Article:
In researching the practice of corporate sustainability, many of the people I interview highlight the problem of trying to promote and live in a more sustainable way. Here, they stress how trying to take public transport, reduce your carbon footprint, choose renewable power, or build a sustainable home, seem to be increasingly difficult and costly, as if our entire economic system is biased against sustainable options. As one manager put it ‘I feel like I’m working upstream all the time.’
Given I teach organisational sustainability, I was pondering this idea when I came across a revealing insight in a sustainability textbook chapter by Gillen Wood entitled ‘It’s Not Easy Being Green: Anti-Environmental Discourse, Behavior, and Ideology’. In this chapter, Gillen makes the point that our current economic system focuses solely on the immediate satisfaction of consumer desires and blinds us to the broader connectivity of our actions. Moreover, he notes this narrow, short-term perspective has been normalised. We are conditioned through advertising and popular culture to constantly demand more and newer stuff, blind to the broader impacts of our hyper-consumption. As this video titled ‘The Story of Stuff’ highlights, our economic system is based inherently upon ‘unsustainability’:
So is ‘sustainability’ in fact possible in an economic system reliant upon ‘unending’ material economic growth in a finite world? The Brundtland report in 1987 set down the now widely acknowledged definition of sustainable development as ‘…development that meets the needs of the present without compromising the ability of future generations to meet their own needs’. This is fine as an aspirational goal, but is it realistic given the nature of a capitalist economy? As the recent work on ‘planetary boundaries‘ highlights, we are as a species now crossing fundamental ecological limits. Things like climate change, loss of biodiversity, stratospheric ozone depletion, ocean acidification, chemical pollution, the nitrogen and phosphorus cycles, freshwater depletion, and atmospheric aerosol loading. In this context, ‘sustainability’ appears more a form of obfuscation. For example, witness the recent debate surrounding ‘sustainable palm oil‘. Here, the industry body has ratified the concept despite the clear environmental evidence that clearing rainforests and draining peat marshes to make way for palm oil plantations is anything but environmentally sustainable!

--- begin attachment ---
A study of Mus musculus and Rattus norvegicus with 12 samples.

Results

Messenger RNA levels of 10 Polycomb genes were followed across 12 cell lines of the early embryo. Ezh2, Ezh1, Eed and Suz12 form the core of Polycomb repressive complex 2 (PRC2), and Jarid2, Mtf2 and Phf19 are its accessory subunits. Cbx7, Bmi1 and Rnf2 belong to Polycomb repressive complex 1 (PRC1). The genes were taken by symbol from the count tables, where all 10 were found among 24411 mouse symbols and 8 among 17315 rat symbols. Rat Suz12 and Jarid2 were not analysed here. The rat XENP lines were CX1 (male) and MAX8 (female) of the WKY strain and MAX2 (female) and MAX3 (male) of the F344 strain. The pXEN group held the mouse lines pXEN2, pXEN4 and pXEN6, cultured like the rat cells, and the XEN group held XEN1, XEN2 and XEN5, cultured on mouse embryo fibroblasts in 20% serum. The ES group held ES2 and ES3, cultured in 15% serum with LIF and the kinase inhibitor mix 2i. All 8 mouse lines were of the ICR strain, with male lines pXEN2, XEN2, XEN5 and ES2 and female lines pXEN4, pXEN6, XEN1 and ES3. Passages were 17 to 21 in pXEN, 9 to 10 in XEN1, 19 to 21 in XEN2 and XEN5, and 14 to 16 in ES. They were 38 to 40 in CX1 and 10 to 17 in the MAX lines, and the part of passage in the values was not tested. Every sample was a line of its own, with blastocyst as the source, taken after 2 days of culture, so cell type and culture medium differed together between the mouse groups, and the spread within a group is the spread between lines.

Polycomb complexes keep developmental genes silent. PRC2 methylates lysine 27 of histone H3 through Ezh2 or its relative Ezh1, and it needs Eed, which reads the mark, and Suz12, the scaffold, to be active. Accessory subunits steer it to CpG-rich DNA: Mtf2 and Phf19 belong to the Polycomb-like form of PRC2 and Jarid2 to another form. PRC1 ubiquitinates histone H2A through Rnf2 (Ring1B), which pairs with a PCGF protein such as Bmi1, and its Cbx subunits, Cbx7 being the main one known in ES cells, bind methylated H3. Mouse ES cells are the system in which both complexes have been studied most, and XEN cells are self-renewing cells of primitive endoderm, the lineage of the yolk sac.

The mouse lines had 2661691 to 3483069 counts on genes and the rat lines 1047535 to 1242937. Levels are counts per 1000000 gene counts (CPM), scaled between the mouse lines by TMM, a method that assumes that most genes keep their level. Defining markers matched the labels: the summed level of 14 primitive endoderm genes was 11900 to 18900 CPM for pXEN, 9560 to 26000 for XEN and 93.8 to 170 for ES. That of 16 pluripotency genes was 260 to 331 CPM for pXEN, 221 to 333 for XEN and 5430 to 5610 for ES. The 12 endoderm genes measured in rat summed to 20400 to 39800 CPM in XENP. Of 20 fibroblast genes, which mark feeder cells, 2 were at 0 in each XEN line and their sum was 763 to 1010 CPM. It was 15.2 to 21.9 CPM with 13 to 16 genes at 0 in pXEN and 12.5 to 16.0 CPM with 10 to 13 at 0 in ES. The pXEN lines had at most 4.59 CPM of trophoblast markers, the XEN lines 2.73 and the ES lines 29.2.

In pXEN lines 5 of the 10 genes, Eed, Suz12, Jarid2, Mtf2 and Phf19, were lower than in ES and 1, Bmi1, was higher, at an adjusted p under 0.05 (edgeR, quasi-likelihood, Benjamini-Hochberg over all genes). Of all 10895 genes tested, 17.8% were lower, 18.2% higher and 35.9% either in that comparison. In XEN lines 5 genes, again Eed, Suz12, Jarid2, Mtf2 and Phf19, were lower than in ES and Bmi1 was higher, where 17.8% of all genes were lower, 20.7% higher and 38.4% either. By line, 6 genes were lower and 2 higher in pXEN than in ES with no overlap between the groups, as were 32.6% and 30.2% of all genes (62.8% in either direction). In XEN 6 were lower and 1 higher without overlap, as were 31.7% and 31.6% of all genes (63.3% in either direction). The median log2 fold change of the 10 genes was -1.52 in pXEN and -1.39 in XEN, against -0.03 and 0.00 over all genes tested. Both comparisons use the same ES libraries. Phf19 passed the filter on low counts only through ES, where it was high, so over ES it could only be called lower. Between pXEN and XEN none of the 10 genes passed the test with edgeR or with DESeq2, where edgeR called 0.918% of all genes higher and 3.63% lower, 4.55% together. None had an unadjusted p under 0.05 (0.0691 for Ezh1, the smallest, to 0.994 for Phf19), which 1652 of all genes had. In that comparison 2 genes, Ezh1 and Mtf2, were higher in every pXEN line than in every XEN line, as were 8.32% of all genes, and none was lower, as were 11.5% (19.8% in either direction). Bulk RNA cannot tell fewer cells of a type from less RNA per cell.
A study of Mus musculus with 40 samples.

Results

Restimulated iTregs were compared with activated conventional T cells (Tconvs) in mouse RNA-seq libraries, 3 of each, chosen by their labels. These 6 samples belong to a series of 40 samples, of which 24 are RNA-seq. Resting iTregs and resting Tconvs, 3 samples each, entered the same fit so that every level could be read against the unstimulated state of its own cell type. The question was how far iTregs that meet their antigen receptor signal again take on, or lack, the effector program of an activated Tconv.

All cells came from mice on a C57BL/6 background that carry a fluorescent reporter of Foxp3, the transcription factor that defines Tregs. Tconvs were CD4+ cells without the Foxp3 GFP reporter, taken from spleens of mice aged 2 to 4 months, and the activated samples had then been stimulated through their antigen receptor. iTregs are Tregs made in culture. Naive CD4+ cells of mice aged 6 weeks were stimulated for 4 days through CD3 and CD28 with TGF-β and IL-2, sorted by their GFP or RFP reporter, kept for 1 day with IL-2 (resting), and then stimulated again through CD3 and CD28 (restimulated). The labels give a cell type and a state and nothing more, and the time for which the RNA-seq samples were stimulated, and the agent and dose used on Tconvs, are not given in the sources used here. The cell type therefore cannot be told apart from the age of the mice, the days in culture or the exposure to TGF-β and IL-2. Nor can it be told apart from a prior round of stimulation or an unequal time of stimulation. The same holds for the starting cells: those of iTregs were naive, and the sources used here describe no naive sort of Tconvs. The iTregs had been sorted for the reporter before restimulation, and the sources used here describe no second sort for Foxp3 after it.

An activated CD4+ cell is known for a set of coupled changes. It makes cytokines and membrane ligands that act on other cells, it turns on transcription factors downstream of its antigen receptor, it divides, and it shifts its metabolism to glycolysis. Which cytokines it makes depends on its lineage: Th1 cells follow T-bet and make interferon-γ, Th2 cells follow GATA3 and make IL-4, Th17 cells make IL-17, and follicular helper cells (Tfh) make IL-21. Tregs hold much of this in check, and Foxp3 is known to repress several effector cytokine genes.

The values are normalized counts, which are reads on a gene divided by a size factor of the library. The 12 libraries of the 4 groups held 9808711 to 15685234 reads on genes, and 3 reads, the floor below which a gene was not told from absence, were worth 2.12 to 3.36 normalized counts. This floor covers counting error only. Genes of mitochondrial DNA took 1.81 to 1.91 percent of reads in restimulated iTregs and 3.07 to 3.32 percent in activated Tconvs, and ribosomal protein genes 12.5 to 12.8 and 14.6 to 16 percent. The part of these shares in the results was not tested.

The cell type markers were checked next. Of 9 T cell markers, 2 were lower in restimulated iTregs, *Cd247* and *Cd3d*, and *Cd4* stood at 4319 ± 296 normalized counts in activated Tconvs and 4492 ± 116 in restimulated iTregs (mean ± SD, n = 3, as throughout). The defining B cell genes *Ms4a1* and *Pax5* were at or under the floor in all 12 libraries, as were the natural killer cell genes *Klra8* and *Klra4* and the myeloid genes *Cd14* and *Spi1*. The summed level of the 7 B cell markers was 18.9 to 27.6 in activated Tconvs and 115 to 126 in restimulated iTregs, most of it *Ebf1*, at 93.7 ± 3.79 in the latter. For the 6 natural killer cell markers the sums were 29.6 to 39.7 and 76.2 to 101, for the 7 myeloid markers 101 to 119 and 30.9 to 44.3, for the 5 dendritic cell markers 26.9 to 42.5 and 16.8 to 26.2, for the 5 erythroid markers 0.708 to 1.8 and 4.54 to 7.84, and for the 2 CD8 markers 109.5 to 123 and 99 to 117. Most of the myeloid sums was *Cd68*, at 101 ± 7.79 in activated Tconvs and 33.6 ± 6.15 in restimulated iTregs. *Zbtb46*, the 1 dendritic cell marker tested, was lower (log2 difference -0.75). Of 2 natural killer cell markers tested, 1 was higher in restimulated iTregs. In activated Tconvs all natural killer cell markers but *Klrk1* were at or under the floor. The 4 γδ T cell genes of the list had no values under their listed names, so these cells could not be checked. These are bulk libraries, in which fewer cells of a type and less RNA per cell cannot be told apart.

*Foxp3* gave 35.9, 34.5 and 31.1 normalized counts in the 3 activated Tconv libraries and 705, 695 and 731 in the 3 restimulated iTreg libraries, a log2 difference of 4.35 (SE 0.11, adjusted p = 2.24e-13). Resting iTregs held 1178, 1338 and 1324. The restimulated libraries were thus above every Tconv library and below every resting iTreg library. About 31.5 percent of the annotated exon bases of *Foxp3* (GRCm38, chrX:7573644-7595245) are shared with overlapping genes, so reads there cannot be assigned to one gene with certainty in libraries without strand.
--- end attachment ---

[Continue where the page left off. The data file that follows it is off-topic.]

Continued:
At this moment in time, almost everything being done in the name of sustainability entails attempts to reduce unsustainability. But reducing unsustainability, although critical, does not and will not create sustainability.
Says it all really! Being less unsustainable is a good start but it isn’t the same as sustainability. So what would real sustainability look like in our modern, globalised, hyper-consumptive economy – and is such a concept even possible given the powerful economic forces driving in the opposite direction?